The benefits of dental sealant programs for low-income children exceed the costs, according to researchers.

Cavities and fillings were approximately three times more likely among low-income children aged 7-11 years whose teeth were not treated with dental sealants, compared to those treated with sealants, based on data from the National Health and Nutrition Examination Survey (NHANES) from 2011-2014.

Overall, 43% of children and 39% of low-income children in the United States were treated at least once with dental sealant.

Although sealant use in children increased overall from 31% to 44% in a comparison of 1999-2004 and 2011-2014 NHANES data, sealant use was less common among low-income children compared with high-income children (39% vs. 48%) in the 2011-2014 period after increases of 16% and 9%, respectively, during 2011-2014.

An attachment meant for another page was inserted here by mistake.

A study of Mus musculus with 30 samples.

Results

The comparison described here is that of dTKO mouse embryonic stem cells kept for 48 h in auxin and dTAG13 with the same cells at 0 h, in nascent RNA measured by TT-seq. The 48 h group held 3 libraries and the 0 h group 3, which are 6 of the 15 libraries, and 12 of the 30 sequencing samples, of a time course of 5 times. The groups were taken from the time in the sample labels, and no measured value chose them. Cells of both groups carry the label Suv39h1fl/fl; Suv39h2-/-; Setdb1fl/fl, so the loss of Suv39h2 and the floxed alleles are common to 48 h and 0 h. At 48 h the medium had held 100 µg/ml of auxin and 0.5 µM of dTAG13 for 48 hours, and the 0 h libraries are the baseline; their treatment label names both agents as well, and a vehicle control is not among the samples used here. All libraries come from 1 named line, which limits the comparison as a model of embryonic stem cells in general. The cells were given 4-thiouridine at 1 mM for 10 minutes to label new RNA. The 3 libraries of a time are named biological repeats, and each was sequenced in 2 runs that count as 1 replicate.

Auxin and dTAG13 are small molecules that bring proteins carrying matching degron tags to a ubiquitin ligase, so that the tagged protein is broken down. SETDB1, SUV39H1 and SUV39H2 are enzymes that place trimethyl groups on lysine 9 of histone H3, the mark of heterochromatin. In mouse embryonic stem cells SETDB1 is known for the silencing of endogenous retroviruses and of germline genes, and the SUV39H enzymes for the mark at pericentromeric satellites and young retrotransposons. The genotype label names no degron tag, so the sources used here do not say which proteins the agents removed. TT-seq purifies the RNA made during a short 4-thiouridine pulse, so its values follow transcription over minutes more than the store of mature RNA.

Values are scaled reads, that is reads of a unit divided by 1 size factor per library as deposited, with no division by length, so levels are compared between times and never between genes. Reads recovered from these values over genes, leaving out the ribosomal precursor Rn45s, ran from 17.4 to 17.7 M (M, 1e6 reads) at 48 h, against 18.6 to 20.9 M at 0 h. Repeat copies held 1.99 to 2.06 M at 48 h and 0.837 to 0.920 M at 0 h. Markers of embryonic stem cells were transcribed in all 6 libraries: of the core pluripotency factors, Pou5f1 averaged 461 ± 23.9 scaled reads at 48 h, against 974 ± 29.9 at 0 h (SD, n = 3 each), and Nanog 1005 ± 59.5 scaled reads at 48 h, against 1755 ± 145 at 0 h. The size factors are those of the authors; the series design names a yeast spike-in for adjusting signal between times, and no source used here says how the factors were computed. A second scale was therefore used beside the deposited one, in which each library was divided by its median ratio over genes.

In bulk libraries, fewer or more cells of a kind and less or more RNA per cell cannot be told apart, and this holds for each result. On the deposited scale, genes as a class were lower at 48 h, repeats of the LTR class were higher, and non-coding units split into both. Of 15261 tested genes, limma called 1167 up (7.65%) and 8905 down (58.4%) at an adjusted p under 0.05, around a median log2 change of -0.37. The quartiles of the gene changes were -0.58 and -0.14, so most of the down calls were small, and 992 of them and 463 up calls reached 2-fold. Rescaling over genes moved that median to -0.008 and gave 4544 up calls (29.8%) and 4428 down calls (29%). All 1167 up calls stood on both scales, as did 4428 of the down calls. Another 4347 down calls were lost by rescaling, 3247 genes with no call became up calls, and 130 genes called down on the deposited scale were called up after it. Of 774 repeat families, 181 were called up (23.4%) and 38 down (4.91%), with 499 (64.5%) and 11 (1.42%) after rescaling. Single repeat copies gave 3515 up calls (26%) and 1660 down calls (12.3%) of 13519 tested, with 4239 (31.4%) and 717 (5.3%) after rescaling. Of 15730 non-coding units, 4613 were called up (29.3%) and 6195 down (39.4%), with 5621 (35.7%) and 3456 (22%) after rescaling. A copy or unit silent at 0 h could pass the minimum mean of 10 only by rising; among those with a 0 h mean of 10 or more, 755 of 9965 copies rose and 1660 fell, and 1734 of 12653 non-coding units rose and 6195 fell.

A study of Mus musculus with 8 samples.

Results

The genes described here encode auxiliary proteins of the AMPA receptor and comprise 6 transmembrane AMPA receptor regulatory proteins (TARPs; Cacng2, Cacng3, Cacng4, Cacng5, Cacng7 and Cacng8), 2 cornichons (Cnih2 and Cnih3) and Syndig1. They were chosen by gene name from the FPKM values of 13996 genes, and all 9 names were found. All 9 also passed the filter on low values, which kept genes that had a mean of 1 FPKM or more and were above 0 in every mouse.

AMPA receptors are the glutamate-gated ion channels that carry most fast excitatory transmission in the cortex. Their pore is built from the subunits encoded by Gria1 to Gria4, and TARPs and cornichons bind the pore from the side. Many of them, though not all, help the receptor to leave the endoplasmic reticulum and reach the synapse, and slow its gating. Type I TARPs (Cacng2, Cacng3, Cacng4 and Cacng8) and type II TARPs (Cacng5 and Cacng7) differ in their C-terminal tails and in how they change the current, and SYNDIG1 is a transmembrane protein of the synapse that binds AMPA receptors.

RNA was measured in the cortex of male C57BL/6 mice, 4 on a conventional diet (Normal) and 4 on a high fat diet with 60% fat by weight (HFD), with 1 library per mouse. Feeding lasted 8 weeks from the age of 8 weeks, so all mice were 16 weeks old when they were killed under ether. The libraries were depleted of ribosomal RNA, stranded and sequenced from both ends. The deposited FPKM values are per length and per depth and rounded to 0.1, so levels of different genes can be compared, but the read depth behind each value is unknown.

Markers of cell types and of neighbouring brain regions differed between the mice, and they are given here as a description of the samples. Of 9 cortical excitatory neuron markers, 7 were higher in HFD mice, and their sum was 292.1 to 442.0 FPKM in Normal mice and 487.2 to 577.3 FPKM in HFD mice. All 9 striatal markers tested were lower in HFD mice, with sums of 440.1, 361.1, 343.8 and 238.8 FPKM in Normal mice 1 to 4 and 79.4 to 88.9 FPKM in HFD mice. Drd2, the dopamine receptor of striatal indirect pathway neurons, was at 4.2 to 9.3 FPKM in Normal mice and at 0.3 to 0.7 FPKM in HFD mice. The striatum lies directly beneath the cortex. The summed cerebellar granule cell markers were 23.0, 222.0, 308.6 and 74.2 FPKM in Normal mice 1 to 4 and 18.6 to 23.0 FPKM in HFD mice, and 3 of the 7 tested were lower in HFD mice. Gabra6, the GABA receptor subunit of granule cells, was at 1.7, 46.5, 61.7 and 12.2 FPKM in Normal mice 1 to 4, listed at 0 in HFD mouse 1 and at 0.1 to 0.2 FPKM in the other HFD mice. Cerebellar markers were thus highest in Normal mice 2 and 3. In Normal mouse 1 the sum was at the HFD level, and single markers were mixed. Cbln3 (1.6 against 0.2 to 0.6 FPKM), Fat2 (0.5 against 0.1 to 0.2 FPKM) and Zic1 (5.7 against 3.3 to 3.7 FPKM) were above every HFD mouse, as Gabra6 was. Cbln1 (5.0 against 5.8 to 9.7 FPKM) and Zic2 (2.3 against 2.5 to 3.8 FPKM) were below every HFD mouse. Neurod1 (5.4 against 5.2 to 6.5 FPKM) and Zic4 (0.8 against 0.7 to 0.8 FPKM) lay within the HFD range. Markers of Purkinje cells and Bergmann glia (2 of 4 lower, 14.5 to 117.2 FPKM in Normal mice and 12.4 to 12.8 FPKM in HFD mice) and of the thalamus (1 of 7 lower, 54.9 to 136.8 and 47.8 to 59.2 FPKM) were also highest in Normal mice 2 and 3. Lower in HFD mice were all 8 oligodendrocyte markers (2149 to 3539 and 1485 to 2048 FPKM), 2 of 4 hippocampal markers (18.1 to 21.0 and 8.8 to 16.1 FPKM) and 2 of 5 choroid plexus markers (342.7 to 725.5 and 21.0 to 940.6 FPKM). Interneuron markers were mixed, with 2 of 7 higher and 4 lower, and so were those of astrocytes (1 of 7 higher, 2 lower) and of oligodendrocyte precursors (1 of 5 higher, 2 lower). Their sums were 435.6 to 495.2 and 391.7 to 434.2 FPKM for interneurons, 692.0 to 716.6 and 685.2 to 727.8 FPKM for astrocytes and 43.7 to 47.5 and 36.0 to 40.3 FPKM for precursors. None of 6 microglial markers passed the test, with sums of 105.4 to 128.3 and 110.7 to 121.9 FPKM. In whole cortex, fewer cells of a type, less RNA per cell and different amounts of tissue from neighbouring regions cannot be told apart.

School-based programs to provide sealants could increase their use among low-income children, wrote Susan O. Griffin, PhD, of the Centers for Disease Control and Prevention in Atlanta, and her associates. The researchers reviewed data from 1,371 low-income children aged 6-11 years, and found that 60% (approximately 6.5 million children), had not been treated with dental sealants. “The systematic review of economic evaluations of school-based sealant programs (SBSP) conducted for the Task Force found that SBSP became cost-saving within 2 years of placing sealants,” the researchers noted.

The data were published in the CDC’s Morbidity and Mortality Weekly Report (MMWR 2016 Oct 21;65[41];1141-5).